It’s fun being a quiz-kid

Children have fun on Junior Criss Cross Quiz


IT is back to school again for Junior Criss Cross Quiz this week — after a fortnight’s “holiday” for Wimbledon.

Back to a new “teacher,” too. Quizzing quiz-kids in the junior version of this general knowledge noughts and crosses game will be Canadian TV personality Elaine Grand.

Says Elaine, whose mother was once a schoolmistress in Manchester: “I am thrilled and looking forward to working on the show.

“I love doing TV with youngsters. That is why I have always enjoyed myself as chairman of We Want An Answer.

“Children are far more at ease and unpretentious on TV. They are not as much affected by the cameras as adults.

“I always find with We Want An Answer that they ask far better, more searching, questions than any adults would have done. It is the freshness of the vision of youth, I suppose. Instead of asking the questions they feel they ought to ask a celebrity, they ask what they really want to know.

“They ask bluntly, and often boldly, for the facts.

“With a TV quiz like Junior Criss Cross Quiz youngsters react much better than adults. They play it as a game purely and simply, with nothing important at stake.

“When an adult is told his next question is worth £1,000 he is scared. All that money represents a new car or the down payment on a house.

“A child would not see it that way. A sum like £1,000 is beyond his comprehension — it is right outside his experience. So juniors play this as a straight game of noughts and crosses.”

Not that the youngsters get money, anyway — they play for points that are convertible into prizes.

Criss Cross producer Clement Cave likes working on the junior version.

“Youngsters are more telegenic than adults,” he says. “They are less inhibited. They react so much more naturally to things happening around them.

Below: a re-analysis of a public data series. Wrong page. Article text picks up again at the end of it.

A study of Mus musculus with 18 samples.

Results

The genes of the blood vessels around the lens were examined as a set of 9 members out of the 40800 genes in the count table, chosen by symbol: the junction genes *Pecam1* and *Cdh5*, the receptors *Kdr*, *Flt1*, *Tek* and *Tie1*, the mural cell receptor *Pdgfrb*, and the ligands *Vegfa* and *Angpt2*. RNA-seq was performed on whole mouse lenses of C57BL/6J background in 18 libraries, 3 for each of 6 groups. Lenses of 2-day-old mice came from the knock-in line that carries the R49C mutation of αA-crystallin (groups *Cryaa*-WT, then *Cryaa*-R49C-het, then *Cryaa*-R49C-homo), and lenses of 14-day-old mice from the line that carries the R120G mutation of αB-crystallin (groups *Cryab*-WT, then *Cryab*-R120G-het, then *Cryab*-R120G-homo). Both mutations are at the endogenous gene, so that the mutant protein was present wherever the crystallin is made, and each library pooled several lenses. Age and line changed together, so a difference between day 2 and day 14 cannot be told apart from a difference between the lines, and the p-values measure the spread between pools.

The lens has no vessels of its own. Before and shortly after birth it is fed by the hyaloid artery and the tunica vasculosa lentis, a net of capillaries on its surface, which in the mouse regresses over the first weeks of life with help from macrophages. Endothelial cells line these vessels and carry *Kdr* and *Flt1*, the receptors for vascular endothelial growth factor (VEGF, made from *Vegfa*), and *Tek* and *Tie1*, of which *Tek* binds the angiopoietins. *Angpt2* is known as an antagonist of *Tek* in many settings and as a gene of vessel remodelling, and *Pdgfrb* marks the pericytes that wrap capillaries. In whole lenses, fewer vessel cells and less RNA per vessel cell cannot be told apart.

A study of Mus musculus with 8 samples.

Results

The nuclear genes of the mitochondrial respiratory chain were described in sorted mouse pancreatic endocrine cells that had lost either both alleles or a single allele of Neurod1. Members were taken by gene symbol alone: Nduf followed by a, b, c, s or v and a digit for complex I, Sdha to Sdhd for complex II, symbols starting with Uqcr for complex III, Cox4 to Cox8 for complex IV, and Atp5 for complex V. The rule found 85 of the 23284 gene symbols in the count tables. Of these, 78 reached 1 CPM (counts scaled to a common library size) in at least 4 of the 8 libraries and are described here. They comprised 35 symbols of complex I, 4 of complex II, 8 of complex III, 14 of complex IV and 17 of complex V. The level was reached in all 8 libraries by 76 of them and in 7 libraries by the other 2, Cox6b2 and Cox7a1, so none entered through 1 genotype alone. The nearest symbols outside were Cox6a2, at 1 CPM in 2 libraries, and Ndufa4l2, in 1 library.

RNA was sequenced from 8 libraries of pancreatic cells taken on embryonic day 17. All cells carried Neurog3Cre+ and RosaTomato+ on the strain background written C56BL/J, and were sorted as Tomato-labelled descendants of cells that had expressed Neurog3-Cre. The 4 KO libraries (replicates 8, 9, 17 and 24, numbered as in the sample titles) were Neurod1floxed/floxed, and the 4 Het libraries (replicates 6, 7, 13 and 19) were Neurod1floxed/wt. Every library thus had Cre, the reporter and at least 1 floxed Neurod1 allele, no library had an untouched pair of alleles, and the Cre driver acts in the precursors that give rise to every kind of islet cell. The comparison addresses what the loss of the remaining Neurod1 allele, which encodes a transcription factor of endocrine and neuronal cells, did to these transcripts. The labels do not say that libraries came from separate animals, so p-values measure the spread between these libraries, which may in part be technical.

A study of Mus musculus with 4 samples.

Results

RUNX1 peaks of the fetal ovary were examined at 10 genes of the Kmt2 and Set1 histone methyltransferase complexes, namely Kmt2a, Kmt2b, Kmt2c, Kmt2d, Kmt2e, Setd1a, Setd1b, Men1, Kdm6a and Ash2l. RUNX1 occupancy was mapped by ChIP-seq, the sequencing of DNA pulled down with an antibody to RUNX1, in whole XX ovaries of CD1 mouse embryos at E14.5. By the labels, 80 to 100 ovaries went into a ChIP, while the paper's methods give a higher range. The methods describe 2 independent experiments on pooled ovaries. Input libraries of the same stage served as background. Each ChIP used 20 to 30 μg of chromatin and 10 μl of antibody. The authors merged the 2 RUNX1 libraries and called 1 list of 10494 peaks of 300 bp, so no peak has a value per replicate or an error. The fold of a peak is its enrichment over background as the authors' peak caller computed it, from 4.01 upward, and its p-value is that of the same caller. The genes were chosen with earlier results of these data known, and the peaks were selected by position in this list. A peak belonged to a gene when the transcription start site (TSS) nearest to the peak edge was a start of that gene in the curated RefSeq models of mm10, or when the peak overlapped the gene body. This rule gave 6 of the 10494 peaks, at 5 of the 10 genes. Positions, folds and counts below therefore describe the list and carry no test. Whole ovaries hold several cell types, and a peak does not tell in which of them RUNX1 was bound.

“Age is important, too. We restrict our contestants to the over 12 and under 15 group. And we usually find that the brightest are on the younger end of the scale. Our biggest prize-winner was a girl of 12½ years who built up 850 points. When they are coming up to 14 they are beginning to look at life almost like grown-ups. They are at that awkward between-age, and beginning to get self-conscious.

“Junior contestants seem to go into the game with a firm determination to win as much as they can. Adults tend to be more cautious. They win a few games and then withdraw. The youngsters will press on. Apart from their winnings, I think they want to make the most of being on TV.”

Cave insists on his junior contestants not being called children on the programme. “We call ourselves Junior Criss Cross Quiz. We never remind contestants or viewers that this is a show for children. We want to avoid any suggestions that we are talking down to children.”

Choosing contestants for the junior show is tougher than for the adult version. Contestant-organiser, Reg Marsh, explained: “Children from all over the country write asking to be on the programme. But we have to restrict contestants to those living in a 10 mile radius of the studios; it is important that they should not miss school to be on TV.

“We audition challengers about 20 at a time, and, by giving them a 25-question test paper, make sure they are the standard we need. Then we have to ask education authorities if they have any objection.

“We give contestants the VIP treatment at the studios. A member of the staff collects them from school in a taxi and sees them home after the show.”

Examples of the prizes that can be won: 50 points wins a pair of skates; 100 points a boy’s tool kit; 150 points a record-player; 200 points a cinecamera; 250 points and upwards a portable typewriter.

Biggest prize-winner in the programme so far is 12½-year-old Rosalind Hilson, a doctor’s daughter, from Ashton, near Manchester. Her 850 points won her two prizes — a radiogram and a bicycle. That’s Rosalind in action at the top of the page.

A boy and a girl on set
Where shall I pick this time? What do I know most about?